Decoding China: The Grand Canal
The Grand Canal with a history of more than 2,400 years was recognized by UNESCO World Heritage Committee in 2014. Not only is it the oldest and longest man-made canal in the world, it was “the world’s largest and most extensive civil engineering project prior to the Industrial Revolution” according to UNESCO. It also has one of the most beautiful sceneries running through Tianjin, Hebei, Shandong, Jiangsu, and Zhejiang. It was first built in 468 BC and went through three major expansions in 770 BC to 476 BC (Spring and Autumn Period), 581 to 618 (Sui Dynasty), and 1271 to 1368 (Yuan Dynasty). The entire length is 1,794 kilometers connecting five major rivers: Hai, Huai, Yantze, Yellow, and Qiantang. Given its long history and its historical significance, it is one of the most important routes with lasting impact to both culture and history of China. If you want to truly understand China, there is no better place to start than the Grand Canal, where we are going to travel back in time to the distant past and then connecting back to modern China.
1: Beijing - Tongzhou District
When it comes to Beijing, most people think of the Great Wall, the Forbidden City, or Tiananmen Square. But, yet, the Grand Canal is the most consequential to Beijing’s history. Without it, Beijing would not be China’s capital today.
3: Taishan - Tai’an/ Shandong
Tiashan is the most famous sacred mountain of China. According to UNESCO, “On the mountain there are 12 historically recorded imperial ceremonies in homage to Heaven and Earth, about 1,800 stone tablets and inscriptions, and 22 temples, which together make Mount Taishan the most important monument in China, a world-renowned treasure house of history and culture.”
5. Living Ancient Water Town
Depending on our interests and schedule, we will explore one of the local water towns on the way to Hangzhou.
Zhouzhuang - Established over 900 years ago. The most famous and yet the most commercialized.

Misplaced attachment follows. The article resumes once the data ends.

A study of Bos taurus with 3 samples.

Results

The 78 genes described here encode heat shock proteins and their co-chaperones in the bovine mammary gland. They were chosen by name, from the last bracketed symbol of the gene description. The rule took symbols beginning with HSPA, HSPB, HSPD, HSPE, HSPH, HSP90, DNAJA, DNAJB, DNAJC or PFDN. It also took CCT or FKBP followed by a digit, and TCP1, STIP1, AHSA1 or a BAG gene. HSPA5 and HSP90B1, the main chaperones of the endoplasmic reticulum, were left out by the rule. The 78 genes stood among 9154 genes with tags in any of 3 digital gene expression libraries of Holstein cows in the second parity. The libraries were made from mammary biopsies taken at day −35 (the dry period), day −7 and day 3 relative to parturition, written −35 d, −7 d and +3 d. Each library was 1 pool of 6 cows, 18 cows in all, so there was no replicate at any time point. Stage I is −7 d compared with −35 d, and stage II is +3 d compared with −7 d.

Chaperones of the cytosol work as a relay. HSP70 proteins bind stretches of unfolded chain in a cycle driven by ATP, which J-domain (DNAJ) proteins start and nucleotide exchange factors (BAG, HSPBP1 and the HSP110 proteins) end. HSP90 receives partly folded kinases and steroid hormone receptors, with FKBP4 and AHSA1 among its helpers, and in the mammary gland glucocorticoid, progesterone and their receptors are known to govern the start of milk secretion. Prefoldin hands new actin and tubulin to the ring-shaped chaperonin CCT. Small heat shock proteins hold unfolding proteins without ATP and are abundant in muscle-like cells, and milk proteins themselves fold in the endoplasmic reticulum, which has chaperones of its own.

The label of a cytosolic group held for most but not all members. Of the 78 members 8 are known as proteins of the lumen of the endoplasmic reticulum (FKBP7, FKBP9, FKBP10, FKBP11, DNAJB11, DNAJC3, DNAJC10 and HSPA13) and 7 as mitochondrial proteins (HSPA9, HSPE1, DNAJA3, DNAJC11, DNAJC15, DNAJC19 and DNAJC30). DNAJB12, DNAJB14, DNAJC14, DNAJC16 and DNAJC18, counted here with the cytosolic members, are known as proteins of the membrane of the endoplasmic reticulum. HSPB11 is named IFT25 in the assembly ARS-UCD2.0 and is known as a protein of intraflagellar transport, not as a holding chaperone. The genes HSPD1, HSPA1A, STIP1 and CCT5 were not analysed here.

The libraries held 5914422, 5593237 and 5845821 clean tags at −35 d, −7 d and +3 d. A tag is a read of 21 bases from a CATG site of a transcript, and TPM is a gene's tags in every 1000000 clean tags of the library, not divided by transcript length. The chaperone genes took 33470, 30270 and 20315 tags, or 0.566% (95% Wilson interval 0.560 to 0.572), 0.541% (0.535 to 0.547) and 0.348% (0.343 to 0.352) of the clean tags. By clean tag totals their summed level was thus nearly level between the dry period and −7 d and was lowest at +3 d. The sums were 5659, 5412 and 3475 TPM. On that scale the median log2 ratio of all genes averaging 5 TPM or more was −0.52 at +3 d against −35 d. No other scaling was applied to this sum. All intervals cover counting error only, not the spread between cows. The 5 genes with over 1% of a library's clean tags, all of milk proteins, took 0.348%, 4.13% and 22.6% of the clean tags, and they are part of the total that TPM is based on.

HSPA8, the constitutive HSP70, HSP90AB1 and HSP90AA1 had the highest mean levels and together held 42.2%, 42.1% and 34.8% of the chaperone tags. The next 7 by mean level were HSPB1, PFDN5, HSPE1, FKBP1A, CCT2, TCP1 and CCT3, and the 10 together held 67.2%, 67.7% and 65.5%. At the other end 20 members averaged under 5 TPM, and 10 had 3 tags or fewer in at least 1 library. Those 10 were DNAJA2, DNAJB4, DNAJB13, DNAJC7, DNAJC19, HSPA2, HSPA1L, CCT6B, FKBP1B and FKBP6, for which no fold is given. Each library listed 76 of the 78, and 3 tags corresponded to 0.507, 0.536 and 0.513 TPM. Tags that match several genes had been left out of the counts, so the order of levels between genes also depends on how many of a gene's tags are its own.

WuZhen - Established over 1300 years ago. Known for late Qing Dynasty style architectures.
Tongli - Established over 1000 years ago. Known for Ming and Qing style architectures.
XiTang - A living ancient town with over 1000 years history.
7. Shanghai - Modern China
We will finish our trip by exploring Shanghai - the largest and most developed city in China. Shanghai first became a city in 1291 during the Yuan dynasty. The development of modern China closely parallels to that of Shanghai.
2: Confucius Hometown - Qufu/Shandong
Temple of Confucius is the largest and most renowned temple of Confucius in East Asia. Since 1994, the Temple of Confucius has been recognized as UNESCO World Heritage Site.
4: Suzhou - Venice of the East
According to BBC Travel, “The city of classical charms.” Known as the Venice of the East, Suzhou’s stunning backdrop of flowing rivers and canals has earned its reputation as one of the most picturesque cities in China.
We will also explore Humble Administrator’s Garden (aka Zhuo Zheng Yuan), built in 1509 during the Ming Dynasty. It is one of the four most famous gardens in China due to its unique design and beauty. It is also the largest and the most renowned garden in Suzhou. It is listed as a World Cultural Heritage site and has also been designated as one of the Cultural Relics of National Importance under the Protection of the State.
A trip to Suzhou wouldn’t be complete without experiencing Pingtan and Kungqu. Pingtan is a storytelling and singing performance originated over 400 years ago in Suzhou. Kunqu Opera is recognized as a “Masterpiece of the Oral and Intangible Heritage of Humanity” by the UNESCO in 2001.
6. Hangzhou - The City of Heaven
Marco Polo described Hangzhou as “the city of heaven” in the late 13th century. It is well-known for West Lake, Longjian tea, and silk. West Lake is recognized as a UNESCO World Heritage Site in 2011. Longjiang tea is the most famous among the top teas in China. Hangzhou is also an important historic center for silk production.
During this journey, we will experience three of the eight culinary traditions of China: Shandong, Jiangsu, and Zhejiang.
Shandong was one of the first civilized regions in China and Shandong cuisine was created during the Yuan Dynasty. Their cuisine tends to be crispy, tender, and greasy with salty, and sometimes, sweat and sour flavors. One of their specialties is seafood. Jiangsu cuisine is richly aromatic and well-known for elaborate presentation. Many dishes require precise and delicate carving techniques in comparison to other Chinese cuisines. It is the cuisine of choice for government banquets. Zhejiang cuisine is non-greasy with a mellow fragrance. Given their proximity to the ocean, they often cook with fresh seafood.